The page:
The legal battle over the former Moniteau County Library District is over.
Special Judge Donald Barnes this month accepted receiver H. Ralph Gaw's petition for approving the final settlement.
Barnes wrote, in a June 12 order: "The Court finds that the receiver has paid to the claimants and distributees the personal property" that Barnes ordered to be distributed on Nov. 9.
The parties involved in the case told Barnes in September they agreed to a settlement plan, which they finalized in October and November.
That plan included paying all claims filed by former county library employees for wages and taxes, a computer firm and Gaw's bills for serving as the receiver.
After the bills were paid, any leftover money was to be divided between the former district's two subdistricts.
Barnes also discharged Gaw from the receivership duties the judge had given him in March 2017, to "administer and liquidate the assets of the district."
That assignment followed Barnes' February 2017 ruling that the district had to be dissolved, because it had not been created legally in the first place — since a majority of the county's voters in 1997 had voted against adding a proposed property tax to pay for district operations.
Barnes' ruling to dissolve the former district came in a case that began in October 2015, when the city of Tipton and three western Moniteau County residents sued the library district and its board of directors, claiming they were spending money illegally for some library operations.
The events leading to the legal battle were complicated and spread over a number of years.
The Moniteau County Commission authorized creation of the library district in 1996, when the county had two privately owned libraries — Price James in Tipton and Wood Place in California — but no public libraries.
The commission in 1996 created two subdistricts — based on the public school district boundaries in Moniteau County — and proposed a property tax for voters in each subdistrict to approve.
However, when the vote came in 1997, only voters in the Tipton-based Western subdistrict endorsed the tax.
Still, the district was declared to have been formed and began operating, using revenues from the Western subdistrict tax to provide money for both private libraries.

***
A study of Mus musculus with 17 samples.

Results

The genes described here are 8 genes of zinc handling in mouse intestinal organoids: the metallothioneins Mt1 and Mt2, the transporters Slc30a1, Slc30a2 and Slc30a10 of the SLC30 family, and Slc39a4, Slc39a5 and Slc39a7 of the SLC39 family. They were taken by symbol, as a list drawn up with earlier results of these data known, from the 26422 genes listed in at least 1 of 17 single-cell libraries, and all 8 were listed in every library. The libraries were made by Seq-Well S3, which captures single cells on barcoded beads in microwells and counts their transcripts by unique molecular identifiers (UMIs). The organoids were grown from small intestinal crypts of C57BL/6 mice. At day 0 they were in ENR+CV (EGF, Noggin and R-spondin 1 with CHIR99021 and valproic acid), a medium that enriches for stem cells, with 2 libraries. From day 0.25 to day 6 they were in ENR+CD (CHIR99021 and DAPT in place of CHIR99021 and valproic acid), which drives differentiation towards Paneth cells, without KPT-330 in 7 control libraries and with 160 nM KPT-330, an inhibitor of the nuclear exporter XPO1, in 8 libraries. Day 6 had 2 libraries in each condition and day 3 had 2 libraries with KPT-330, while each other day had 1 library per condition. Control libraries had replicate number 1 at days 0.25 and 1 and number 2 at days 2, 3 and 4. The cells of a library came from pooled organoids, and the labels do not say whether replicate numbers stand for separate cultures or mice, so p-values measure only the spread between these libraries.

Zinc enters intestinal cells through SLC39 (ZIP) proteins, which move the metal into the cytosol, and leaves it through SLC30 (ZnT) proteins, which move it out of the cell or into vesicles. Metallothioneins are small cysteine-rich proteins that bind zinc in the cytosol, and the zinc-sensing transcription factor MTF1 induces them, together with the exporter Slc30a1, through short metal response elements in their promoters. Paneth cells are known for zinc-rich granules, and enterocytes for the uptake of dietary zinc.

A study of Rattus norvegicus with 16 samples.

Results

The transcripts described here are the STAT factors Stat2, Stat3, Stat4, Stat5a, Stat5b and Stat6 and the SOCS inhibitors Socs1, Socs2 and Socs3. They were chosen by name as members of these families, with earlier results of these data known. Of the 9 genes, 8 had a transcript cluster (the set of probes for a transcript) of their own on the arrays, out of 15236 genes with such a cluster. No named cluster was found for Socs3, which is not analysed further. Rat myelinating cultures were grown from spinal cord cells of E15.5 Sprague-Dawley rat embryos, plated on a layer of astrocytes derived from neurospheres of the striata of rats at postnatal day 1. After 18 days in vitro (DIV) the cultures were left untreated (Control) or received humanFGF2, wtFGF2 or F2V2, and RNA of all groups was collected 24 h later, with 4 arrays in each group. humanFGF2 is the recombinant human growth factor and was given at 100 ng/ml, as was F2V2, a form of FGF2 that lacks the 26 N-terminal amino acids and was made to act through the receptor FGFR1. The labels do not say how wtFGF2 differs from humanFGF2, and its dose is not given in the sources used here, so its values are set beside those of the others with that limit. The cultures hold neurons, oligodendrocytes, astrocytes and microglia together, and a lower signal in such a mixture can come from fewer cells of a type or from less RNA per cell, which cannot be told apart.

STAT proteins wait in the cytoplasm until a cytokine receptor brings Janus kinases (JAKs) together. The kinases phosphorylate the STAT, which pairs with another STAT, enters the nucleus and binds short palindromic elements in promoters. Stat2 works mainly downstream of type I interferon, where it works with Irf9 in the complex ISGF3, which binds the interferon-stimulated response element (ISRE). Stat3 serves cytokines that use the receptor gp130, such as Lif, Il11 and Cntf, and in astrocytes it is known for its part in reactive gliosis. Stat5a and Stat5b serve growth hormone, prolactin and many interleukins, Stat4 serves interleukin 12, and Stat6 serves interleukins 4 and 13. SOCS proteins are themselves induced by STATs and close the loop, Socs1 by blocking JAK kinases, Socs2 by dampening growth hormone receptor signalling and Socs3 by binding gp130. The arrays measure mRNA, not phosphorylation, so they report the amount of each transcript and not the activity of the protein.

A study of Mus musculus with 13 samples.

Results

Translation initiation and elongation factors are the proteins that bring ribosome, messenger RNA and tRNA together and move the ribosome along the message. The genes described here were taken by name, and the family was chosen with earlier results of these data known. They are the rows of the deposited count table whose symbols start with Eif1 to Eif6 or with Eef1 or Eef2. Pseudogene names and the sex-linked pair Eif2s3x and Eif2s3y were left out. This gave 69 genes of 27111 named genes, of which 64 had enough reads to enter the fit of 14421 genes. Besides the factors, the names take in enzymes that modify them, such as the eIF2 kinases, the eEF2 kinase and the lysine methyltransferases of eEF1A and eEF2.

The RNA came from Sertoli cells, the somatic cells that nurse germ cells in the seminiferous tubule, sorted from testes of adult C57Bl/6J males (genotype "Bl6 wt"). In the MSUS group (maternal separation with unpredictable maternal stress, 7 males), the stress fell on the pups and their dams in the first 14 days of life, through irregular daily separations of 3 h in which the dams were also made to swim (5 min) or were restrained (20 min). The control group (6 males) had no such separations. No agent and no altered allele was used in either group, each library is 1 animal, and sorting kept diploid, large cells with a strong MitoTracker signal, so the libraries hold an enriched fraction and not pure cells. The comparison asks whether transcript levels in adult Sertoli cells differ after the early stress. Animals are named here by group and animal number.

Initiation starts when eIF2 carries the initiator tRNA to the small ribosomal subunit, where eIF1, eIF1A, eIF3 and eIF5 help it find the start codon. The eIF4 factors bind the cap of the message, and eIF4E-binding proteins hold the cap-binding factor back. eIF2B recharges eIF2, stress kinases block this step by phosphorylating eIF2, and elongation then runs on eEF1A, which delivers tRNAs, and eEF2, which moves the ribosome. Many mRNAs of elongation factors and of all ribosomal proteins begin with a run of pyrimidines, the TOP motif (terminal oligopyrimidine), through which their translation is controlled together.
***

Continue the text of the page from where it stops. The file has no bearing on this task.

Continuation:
In 2004, the library board asked California residents if they would support a tax to be used only for operations of the then-private Wood Place Library in California — and they did.
Things got more complicated when California's Wood Place Library and its collection were donated to the district, and the library board designated it as the county's main library.
In his 11-page, February 2017 order, Barnes agreed the commissioners legally placed the district proposal on the 1997 ballot — but found "no provision in the statute for the contingency where one subdistrict passes (a proposal) and another does not," or that would allow a district to be created in areas that didn't vote for it.
Additionally, the judge wrote, "There is no statutory authority for a library district, without (county) commission authority, to create a new subdistrict with different boundaries than any earlier proposition and initiate a vote for it."
After Barnes' ruling last year, and his appointment of Gaw as the receiver, Tipton residents petitioned for the creation of a city-only library district, and approved that district last August.
The county commission then proposed a new, county-wide library district covering all of Moniteau County except the city of Tipton, and voters approved that district — and its 12-cent tax levy for each $100 of assessed property value — last November.
Meanwhile, the Wood Place Library in California has been operating with funding from the Elia Wood Paegelow Foundation and private donors.